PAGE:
InterSolar U.S. in San Francisco was one of the largest solar industry conferences in North America to date. As such, it is a useful place to gauge industry sentiment. In Part 1, I talked about government regulations, the U.S. market and the bankability of the industry. In Part 2, I tackle industry marketing.
Until late 2008, supply chain shortages were endemic in the solar industry, mostly stemming from limited silicon production capacity. This meant that access to product was more critical than access to new customers – almost everybody could sell everything they had to offer. For a number of reasons – one of which is the credit crunch – the supply shortages have more or less disappeared and we’re now over-capacity in many parts of the solar supply chain. Instead, the current shortages are access to credit and new customers, with a significant new development to report on the marketing side.
Towards a customer-oriented language
As the solar industry is slowly becoming more customer-oriented, the industry vocabulary has evolved. Previously, the focus was on cost per installed watt as the key metric. The cost per installed watt isn’t really that relevant for customers, because it doesn’t include the most important factor: the amount of sunshine (or “solar insolation” — the technically correct term) that is available to the system. However, InterSolar U.S. demonstrated that the talk now is about LCOE: Levelized Cost of Electricity. This metric is especially important in jurisdictions that rely on net-metering, which is common in many American states. Even in places like Ontario, which doesn’t rely on net-metering, the LCOE metric is important for customers as it allow customers a better metric by which to compare various systems and technologies.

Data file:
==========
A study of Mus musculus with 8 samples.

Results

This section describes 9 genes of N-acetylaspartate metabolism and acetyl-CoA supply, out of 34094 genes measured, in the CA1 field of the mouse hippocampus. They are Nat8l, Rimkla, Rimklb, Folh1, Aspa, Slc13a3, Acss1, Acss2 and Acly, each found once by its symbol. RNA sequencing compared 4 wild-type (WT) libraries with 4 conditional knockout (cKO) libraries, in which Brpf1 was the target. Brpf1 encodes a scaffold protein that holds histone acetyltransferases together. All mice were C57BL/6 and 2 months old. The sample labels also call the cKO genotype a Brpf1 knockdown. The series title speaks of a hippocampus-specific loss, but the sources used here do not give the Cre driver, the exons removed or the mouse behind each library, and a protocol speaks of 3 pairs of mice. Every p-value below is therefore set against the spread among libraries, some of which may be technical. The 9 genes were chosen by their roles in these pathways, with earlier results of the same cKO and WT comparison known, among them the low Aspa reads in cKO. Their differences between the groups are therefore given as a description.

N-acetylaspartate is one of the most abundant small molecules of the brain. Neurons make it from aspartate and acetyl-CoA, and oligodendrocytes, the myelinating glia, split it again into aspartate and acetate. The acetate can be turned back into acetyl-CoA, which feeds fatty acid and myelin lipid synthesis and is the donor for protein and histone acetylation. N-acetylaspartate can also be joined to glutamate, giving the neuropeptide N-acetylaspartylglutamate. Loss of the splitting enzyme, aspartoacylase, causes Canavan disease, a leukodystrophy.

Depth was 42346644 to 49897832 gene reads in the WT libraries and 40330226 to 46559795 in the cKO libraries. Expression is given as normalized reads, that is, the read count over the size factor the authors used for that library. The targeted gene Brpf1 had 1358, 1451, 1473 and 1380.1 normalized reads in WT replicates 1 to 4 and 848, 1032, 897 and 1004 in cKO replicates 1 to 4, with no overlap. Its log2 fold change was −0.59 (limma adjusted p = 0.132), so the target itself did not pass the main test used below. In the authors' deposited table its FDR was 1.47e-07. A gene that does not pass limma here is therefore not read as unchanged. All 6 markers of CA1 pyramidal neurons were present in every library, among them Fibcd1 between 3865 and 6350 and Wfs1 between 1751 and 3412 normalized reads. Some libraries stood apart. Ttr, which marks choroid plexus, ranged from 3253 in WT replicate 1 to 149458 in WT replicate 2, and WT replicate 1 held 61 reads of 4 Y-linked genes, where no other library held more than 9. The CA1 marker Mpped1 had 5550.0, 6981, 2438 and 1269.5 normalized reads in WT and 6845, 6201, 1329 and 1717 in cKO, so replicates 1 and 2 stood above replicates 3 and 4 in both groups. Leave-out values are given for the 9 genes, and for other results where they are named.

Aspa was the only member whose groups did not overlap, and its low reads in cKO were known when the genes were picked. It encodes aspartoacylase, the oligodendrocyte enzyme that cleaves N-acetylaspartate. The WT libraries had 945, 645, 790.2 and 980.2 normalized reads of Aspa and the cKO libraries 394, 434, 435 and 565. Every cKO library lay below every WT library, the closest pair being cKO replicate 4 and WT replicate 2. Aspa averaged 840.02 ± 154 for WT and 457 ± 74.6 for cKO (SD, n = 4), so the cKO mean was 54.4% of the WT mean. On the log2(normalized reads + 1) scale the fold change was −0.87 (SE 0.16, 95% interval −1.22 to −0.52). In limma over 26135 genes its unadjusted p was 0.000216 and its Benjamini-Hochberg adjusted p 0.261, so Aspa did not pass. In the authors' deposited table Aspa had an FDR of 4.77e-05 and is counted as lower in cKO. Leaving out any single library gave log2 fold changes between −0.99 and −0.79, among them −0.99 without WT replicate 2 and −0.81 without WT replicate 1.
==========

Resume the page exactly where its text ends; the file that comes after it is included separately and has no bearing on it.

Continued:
As the Ontario Power Authority is finalizing the FIT rules, it is clear that solar technology providers need to undertake a big educational project: to make potential customers understand the meaning of LCOE. It is as important for the customer as understanding the car industry’s MPG metric.
Marketing challenges remain
That said, the marketing challenges facing the solar industry go way beyond the diffusion of the LCOE metric. With solar markets created simultaneously by both new, more efficient, reliable solar technology on the one hand and new regulations and incentives on the other, the reality is that the solar industry is facing a more complex marketing task than most other high tech industries. Potential customers need to understand both the relevant regulation as well as the technology options available to them before they can make a buying decision. Add to that differences in local weather and climate conditions and solar marketing becomes a fairly complex affair.
Market-driven product management is required
Much of this marketing challenge must be addressed through product development rather than branding and marcom activities. As an illustration, imagine if buying a car was similar to the process of buying a solar system. It would be like having to buy a chassis, the engine, wheels, brakes, interior, etc. – and then find someone who can put it together for you. And then someone who is willing to finance the thing… Doesn’t quite sound like a mainstream product at this point, does it?
On top of that, knowing that the U.S. car industry is in trouble despite having addressed the issues of integration and financing – because they have not been listening to their customers – shows the scale of cultural change that is required in the solar industry to become a mainstream product.
In all fairness, there are some indications that this might be changing with companies such as the German companies CentroSolar and SolarWorld offering “IKEA-style” all inclusive packages and Sharp moving towards “plug and play” systems. Others, such as U.S.-based companies Akeena Solar, Renewable Ventures and groSolar, are also moving in that direction which is encouraging from a market development perspective.
However, the large majority of companies attending InterSolar U.S. gave few indications that they actually realize the need to be customer oriented, with the potential consequence that the overall market growth will develop more slowly than the underlying economics should indicate – and many of them will not be around much longer.